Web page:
Alma, like Balaklava and Inkerman were named after the battles fought during the Crimean war. As early as July 1856 the first Pasturing Licences were granted for blocks in the Hundred of Alma. They were issued to RM Cole, Thomas and Emanuel Howard, Richard Wood, William Barker, JC Potts, John Pew, John Watts and William Kelly. Settlements which eventually were established were Alma Plains, Alma North and Alma South.
The original chapel at Alma South was built in 1862 and the manse in 1863. The first preacher was William Henry Cope who also taught the children. He became the Clerk of the first District Council of Alma in 1870. In 1872 the Church had 140 members. A new chapel was built later which could hold some 200 people. It was demolished in 1941.
The Education Department bought the original chapel to use it as its school and appointed Ester Judd as first teacher. By 1877 the average attendance was 33 students. In October 1878 the Board of Advice for the District of Alma recommended the erection of a porch at the Alma South School but the Council didn't come to the party as 'it could not spare the money'. However in November 1884 tenders were sought for the erection of a shelter shed. Two years later the road near the school was metalled.
In 1885 G. Haines was teaching the children at Alma South. Further improvements were made when repairs to the creek near the school were approved by the Council at a cost of £3. In September 1898 examinations were held and the percentages gained by the children were 'very satisfactory'. Although fairly isolated the school children did take part in socials with other schools in the neighbourhood.
On 2 October 1902, when the eleventh combined picnic was held at Owen they met with their counterparts of Alma North, Alma South, Dalkey Hill, Balaklava, Pinery, Owen and Salter's Springs. About 200 students in all took part and were watched by some 500 parents. Alma South won a prize for singing. On 8 September 1903 Miss M Tamblyn was appointed to the school and Miss M Sorrell, a former student of Alma South School, was appointed to the Sugar Loaf Well School near Terowie.
The children also did their part for the environment as during Arbor Day in 1903, 1904 and 1910 they planted trees around the school. During 1904 the school was also repainted and several repairs made. In August 1905 during Visiting Day the annual examinations were held with a good attendance of parent and visitors. 'Students acquitted themselves creditably'. When the Annual Show was held at nearby Hamley Bridge student from the Alma South School won several prizes.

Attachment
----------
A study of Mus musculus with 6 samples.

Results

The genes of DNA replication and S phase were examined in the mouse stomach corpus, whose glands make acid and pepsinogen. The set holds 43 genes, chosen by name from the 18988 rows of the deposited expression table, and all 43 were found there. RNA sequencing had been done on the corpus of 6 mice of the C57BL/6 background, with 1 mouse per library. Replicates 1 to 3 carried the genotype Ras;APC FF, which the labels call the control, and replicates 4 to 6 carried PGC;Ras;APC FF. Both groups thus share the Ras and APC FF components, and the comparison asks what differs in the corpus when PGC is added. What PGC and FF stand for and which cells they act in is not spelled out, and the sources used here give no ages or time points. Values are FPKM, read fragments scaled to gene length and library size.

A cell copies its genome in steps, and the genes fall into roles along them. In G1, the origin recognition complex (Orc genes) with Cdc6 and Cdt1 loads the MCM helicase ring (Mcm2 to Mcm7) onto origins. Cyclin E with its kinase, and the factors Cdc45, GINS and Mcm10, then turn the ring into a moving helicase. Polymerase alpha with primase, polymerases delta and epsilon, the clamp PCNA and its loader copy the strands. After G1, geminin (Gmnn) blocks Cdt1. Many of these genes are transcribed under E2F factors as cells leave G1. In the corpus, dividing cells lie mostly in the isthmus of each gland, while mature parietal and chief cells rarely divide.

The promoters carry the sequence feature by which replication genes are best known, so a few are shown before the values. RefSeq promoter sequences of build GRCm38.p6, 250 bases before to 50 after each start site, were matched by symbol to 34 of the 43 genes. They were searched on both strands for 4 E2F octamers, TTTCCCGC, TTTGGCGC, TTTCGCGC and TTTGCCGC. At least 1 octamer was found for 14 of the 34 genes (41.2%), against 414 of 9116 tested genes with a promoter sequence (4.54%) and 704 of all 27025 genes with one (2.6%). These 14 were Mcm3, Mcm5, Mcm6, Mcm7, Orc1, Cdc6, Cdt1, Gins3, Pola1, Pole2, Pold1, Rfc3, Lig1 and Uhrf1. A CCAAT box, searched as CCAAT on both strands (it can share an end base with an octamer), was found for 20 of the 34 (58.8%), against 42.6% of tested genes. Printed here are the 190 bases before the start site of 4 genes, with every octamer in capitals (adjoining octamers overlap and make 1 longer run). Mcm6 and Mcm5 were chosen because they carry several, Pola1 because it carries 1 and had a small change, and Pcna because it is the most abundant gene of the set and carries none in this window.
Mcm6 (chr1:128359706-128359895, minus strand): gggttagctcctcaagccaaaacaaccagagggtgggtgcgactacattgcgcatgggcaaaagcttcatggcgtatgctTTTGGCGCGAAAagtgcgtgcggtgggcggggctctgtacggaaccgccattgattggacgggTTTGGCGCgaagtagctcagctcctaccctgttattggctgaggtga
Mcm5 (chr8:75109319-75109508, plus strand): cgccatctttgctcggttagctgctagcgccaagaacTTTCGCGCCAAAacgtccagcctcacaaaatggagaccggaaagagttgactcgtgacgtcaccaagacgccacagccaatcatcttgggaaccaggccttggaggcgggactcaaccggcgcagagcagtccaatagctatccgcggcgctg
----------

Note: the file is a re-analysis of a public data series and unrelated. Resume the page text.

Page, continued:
During her time at Alma South Miss Tamblyn had done some good work. In October 1906 she reported that out of the 27 students examined, 23 had passed. When she left in November general regret was feld as she had won the hearts of the students and respect of their parents. In 1911 Ellen M Dubois was appointed head teacher. She remained until her retirement in 1931 when the school was listed as a Class IV school. The school closed on 29 January 1964.
In 1877 the agents for the Observer, Register and Evening Journal were Harkness & Co Storekeepers. In 1885 it was reported that the just completed harvest had been very successful before the start of some intense heat. In 1904 a bicycle road race of 5 miles was organised on the main road between Alma and Hamley Bridge. There were 6 competitors. It was won by George Watson from Alma.
In 1907 A.L. Jones was the local Post Master, Thomas Kelly and P. Smyth were listed as Resident Justices and Jason Pearce and Patrick Smyth as blacksmiths. Among the farmers listed were James Buckley, Thomas Kelly, Samuel Lake, Owen Madigan, C. Schilling and William Sorrell.
Below are SOME of the headstones of the Alma South Cemetery. In an attempt to save as much space as possible and increase the speed of downloading, only part of the stone is displayed. Flinders Ranges Research has a full photograph of each of these, and many others as well.